FOR IMMEDIATE RELEASE
June 08, 2016
Getty Museum Announces Acquisition Of Two Superb Greek And Roman Ancient Works
GETTY MUSEUM ANNOUNCES ACQUISITION
OF TWO SUPERB GREEK AND ROMAN ANCIENT WORKS
OF TWO SUPERB GREEK AND ROMAN ANCIENT WORKS
LOS ANGELES - The J. Paul Getty Museum announced today the acquisition of two important works of ancient art: a Geometric Greek vase and a Roman marble head. The vase is an impressive example of the late Geometric style that marked the beginning of classical Greek art, while the marble head is part of an important Roman statue of a female figure that is already in the Getty Museum’s collection.
“We are very pleased to add these two new important works of ancient art to the Museum’s collection,” says Timothy Potts, director of the J. Paul Getty Museum. “The figurative decoration on the Greek vase of the Geometric Period represents the beginning of the classical tradition in Greek art, making it an essential component of the new chronological and contextual display of the Villa’s collection that is currently in advanced planning. The acquisition of the marble head of a woman provides a rare and serendipitous opportunity to reunite the two parts of an important Roman sculpture that were somehow broken and separated around the mid twentieth century. After undergoing conservation at the Villa to join the head to the body, the completed statue, standing over seven feet tall, will represent one of the finest examples of monumental Roman imperial sculpture in our collection.”
Greek Geometric Amphora:
The two-handled, long neck amphora, impressive at 27.5 inches in height, is decorated with rows of figures and geometric patterns including meanders, waves, cables, and checkerboards. The figures on the vase include dancing women and men, a flute player, grazing horses, men in chariots, and warriors carrying round shields. Snakes molded from terracotta are added around the shoulder, rim, and band handles. The vase was made specifically for funerary use to accompany a burial and the dancing figures and chariot races are thought to depict the funeral ritual, while the snakes refer to the underworld.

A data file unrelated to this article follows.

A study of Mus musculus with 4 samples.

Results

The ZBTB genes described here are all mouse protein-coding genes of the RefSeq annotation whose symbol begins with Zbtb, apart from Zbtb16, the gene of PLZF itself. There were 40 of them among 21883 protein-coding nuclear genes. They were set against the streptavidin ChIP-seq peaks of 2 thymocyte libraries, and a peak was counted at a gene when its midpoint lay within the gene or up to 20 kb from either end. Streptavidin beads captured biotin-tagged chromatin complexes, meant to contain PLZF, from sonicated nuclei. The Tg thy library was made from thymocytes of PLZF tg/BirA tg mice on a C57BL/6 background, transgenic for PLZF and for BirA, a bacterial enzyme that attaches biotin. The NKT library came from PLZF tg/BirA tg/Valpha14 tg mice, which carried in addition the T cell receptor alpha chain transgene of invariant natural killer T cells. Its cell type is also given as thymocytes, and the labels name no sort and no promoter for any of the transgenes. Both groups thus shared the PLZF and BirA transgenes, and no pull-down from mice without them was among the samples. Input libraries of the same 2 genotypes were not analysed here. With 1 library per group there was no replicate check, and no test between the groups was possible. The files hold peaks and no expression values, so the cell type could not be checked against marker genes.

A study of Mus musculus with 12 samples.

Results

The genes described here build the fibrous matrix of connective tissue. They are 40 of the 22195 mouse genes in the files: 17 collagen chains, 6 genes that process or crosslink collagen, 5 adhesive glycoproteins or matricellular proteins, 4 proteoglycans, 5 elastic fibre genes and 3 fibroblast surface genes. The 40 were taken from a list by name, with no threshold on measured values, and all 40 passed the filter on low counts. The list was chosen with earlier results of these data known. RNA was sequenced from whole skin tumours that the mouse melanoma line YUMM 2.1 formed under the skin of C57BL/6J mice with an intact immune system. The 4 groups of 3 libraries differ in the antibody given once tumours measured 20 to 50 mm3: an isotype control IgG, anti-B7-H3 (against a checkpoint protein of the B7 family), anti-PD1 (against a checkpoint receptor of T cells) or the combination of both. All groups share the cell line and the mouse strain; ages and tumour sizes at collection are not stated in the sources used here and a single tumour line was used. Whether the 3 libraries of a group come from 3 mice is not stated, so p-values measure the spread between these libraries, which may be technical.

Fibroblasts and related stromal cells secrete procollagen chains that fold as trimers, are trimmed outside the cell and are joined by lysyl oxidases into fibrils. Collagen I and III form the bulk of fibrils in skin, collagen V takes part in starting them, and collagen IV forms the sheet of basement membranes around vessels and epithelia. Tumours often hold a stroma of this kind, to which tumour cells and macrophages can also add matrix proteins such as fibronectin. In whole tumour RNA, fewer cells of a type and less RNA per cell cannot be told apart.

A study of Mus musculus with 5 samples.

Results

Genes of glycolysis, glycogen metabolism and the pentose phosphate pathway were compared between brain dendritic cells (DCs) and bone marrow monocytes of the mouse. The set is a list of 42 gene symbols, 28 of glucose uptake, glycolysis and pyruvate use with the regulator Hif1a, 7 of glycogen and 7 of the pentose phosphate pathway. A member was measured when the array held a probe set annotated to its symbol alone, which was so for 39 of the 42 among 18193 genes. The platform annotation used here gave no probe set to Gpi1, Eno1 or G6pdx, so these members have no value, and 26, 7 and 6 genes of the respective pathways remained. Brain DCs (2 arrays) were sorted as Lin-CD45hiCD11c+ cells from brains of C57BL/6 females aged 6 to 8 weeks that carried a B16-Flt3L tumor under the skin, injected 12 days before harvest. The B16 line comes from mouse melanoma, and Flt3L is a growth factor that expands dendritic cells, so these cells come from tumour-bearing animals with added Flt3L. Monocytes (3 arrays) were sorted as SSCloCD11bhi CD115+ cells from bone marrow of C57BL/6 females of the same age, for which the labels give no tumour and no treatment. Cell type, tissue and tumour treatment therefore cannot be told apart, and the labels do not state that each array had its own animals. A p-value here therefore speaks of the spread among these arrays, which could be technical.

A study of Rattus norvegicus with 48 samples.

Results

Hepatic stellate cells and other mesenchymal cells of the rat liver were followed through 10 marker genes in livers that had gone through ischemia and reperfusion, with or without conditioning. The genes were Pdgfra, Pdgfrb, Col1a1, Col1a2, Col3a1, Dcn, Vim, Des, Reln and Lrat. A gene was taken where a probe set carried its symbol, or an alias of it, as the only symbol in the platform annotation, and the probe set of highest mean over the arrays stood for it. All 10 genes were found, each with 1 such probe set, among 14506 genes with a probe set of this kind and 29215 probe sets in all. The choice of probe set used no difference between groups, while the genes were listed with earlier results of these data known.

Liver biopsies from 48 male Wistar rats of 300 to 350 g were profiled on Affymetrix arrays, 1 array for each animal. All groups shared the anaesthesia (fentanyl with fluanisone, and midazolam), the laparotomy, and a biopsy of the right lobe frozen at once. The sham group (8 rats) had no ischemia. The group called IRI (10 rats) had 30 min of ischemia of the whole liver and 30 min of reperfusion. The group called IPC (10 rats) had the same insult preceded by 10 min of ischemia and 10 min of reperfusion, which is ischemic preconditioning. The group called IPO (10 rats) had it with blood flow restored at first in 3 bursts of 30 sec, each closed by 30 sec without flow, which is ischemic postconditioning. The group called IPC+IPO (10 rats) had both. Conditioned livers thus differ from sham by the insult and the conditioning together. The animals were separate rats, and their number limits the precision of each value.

The vase is one of the finest examples of the final flourishing of the Geometric period, around 720-700 B.C., when the first appearance of human figures marks the beginning of classical Greek art. The excellent quality of the decorative patterns and figures allows the vase to be attributed to the so-called Philadelphia Painter, an anonymous artist whose name piece is in the collection of the University Museum in Philadelphia. Other works by this painter are in Brussels, Berlin, Bern, and Athens.
The vase was first documented in a private collection in Düsseldorf before 1963, published several times, and exhibited in Kassel, Germany from 1963 to 1964.
Partial funding for the purchase of this object was made possible by the Getty Museum’s Villa Council.
Roman Marble Head:
The second acquisition is a late 2nd century AD portrait, an over-life-size marble head of an older patrician woman. The style of her hair is of the late Antonine period, around AD 175, and similar to a Roman monumental sculpture of Empress Faustina that is in the Getty’s collection. The identity of the female figure is unknown, but the large scale of the head suggests that she was of exceptionally high stature. The fleshy features of the face and the carefully detailed eyes, typical of Roman portrait sculpture of the period, underscore the object’s high quality. After undergoing conservation at the Getty Villa, it will be re-joined to the Getty’s Statue of Draped Female, which is currently in storage.
The statue when intact was at the Palazzo Sciarra Colonna di Carbognano in Rome before 1881, when it was first published. In 1937, it was among a group of works offered for sale to the Ny Carlsberg Glyptotek in Copenhagen. Sometime between 1937 and 1972, when the Getty purchased the body of the statue, the head and body were separated. Once in a French collection, the head was subsequently sold to dealers in Seville and Switzerland, before it was bought by a dealer in New York, who sold it to the Getty.
Both acquisitions will go on display in 2018 following the reinstallation of the Getty Villa.